We previously covered a court ruling that the Federal Trade Commission was permitted to supplement actual service of a complaint with Facebook service. “Service of Process Via Facebook,” Apr. 4, 2013.

On July 9, a federal trial court in Kansas faced the issue of whether service via Facebook was acceptable as the sole means of service under Rule 4 of the Federal Rules of Civil Procedure. Joe Hand Prods., Inc. v. Carrette, No. 12-2633-CM (D. Kan. July 9, 2013).

The case involved a copyright dispute.  The plaintiff was a television distributor of pay-per-view and closed circuit special events. The plaintiff claimed that defendants unlawfully pirated a broadcast of an Ultimate Fighting Championship match.  Plaintiff attempted to serve the copyright infringement complaint upon the defendants in person, but the defendants’ place of business was vacant, and service on one defendant’s last known residence also failed.  Plaintiff found “a Facebook profile that supposedly belongs to defendant” and moved to serve the complaint via a Facebook message.

The court found that plaintiff “presented no facts as to the Facebook profile’s authenticity.” Slip op. at 5 (footnote omitted). The court ruled that, on “the present state of the record, the court cannot conclude that the subject Facebook profile is current, active, or authentic.” Slip op. at 6. Therefore, the court concluded:  “It would be unfair to allow service through this alternative means unless the court could be reasonably sure that this service would reach the defendant.” Slip op. at 4-5. The unauthenticated Facebook profile did not meet the court’s test for acceptable alternate service under the Constitutional requirement of due process:  “In order to satisfy due process, the court must be sure that the method of service is likely to reach the defendant, so that the defendant may have an opportunity to present his case.”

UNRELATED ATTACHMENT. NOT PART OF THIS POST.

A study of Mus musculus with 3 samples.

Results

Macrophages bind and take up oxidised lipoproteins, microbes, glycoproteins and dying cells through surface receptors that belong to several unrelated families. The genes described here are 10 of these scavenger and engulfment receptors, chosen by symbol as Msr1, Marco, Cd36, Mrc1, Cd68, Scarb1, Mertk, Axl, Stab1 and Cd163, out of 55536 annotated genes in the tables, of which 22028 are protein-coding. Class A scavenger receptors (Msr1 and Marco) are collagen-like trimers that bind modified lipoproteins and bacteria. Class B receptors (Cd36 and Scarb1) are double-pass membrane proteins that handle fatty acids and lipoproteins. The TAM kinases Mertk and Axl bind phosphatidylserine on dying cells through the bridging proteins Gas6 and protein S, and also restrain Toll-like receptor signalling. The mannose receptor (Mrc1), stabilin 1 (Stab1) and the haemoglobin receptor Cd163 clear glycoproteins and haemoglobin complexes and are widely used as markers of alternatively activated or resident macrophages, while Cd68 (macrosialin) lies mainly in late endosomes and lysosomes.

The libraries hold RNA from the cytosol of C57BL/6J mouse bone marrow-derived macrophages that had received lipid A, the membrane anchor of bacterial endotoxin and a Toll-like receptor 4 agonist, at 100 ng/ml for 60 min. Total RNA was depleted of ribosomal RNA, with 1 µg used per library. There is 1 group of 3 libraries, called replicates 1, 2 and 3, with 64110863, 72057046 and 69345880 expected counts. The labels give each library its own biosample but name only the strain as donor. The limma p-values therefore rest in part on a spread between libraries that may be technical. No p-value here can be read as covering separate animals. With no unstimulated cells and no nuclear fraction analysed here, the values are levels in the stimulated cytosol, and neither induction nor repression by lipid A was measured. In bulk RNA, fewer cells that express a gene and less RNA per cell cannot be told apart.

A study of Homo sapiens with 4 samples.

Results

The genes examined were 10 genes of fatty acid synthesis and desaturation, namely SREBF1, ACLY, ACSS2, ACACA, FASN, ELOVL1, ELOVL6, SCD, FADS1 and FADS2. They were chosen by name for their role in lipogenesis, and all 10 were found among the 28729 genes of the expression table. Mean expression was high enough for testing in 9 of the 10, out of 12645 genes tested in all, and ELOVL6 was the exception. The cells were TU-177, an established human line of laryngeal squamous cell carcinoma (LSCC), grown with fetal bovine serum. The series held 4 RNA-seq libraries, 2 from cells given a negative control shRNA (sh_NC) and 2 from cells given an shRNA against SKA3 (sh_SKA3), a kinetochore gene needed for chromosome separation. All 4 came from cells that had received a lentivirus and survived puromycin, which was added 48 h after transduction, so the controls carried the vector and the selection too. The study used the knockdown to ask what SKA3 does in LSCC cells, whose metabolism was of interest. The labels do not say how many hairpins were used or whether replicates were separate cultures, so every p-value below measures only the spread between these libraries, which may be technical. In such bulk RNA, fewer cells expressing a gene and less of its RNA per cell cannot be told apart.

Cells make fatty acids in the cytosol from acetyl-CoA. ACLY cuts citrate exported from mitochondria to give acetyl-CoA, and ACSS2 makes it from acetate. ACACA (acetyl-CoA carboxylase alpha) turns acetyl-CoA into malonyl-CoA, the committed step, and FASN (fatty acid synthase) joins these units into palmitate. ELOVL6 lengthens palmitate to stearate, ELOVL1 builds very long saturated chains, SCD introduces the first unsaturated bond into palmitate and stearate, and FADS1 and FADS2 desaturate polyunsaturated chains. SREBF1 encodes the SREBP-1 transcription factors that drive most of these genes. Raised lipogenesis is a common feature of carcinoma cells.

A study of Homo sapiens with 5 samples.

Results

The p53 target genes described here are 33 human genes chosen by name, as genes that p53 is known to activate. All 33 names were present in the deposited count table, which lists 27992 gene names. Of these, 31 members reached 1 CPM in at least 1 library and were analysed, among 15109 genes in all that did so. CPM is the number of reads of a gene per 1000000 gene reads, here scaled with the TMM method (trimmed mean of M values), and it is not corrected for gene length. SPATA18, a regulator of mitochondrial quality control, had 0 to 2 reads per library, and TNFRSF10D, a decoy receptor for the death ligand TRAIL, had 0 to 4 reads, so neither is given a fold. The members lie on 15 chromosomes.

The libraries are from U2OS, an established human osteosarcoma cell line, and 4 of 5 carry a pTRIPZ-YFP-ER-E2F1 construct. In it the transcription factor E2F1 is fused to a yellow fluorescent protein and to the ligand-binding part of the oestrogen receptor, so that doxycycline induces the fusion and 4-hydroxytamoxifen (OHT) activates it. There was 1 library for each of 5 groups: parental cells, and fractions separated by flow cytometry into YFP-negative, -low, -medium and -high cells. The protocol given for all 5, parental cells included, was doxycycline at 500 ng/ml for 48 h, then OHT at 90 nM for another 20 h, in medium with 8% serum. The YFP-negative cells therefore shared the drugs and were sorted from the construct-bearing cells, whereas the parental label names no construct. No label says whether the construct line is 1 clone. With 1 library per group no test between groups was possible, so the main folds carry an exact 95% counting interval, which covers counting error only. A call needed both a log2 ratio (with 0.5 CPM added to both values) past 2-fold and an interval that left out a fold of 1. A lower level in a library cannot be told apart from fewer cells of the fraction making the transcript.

In short, “on account of constitutionally imposed considerations of due process, the court respectfully declines the invitation in this copyright infringement case to ‘like’ Facebook as the suggested sole means of substituted service of process under Rule 4 of the Federal Rules of Civil Procedure.” Slip op. at 1.

Would the outcome have been different if the defendants had an official Facebook page that was “current, active or authentic”?  Does your company have such a page?

Sue Ross (susan.ross@nortonrosefulbright.com / +1 212 318 3280) is a lawyer in Norton Rose Fulbright’s US intellectual property practice.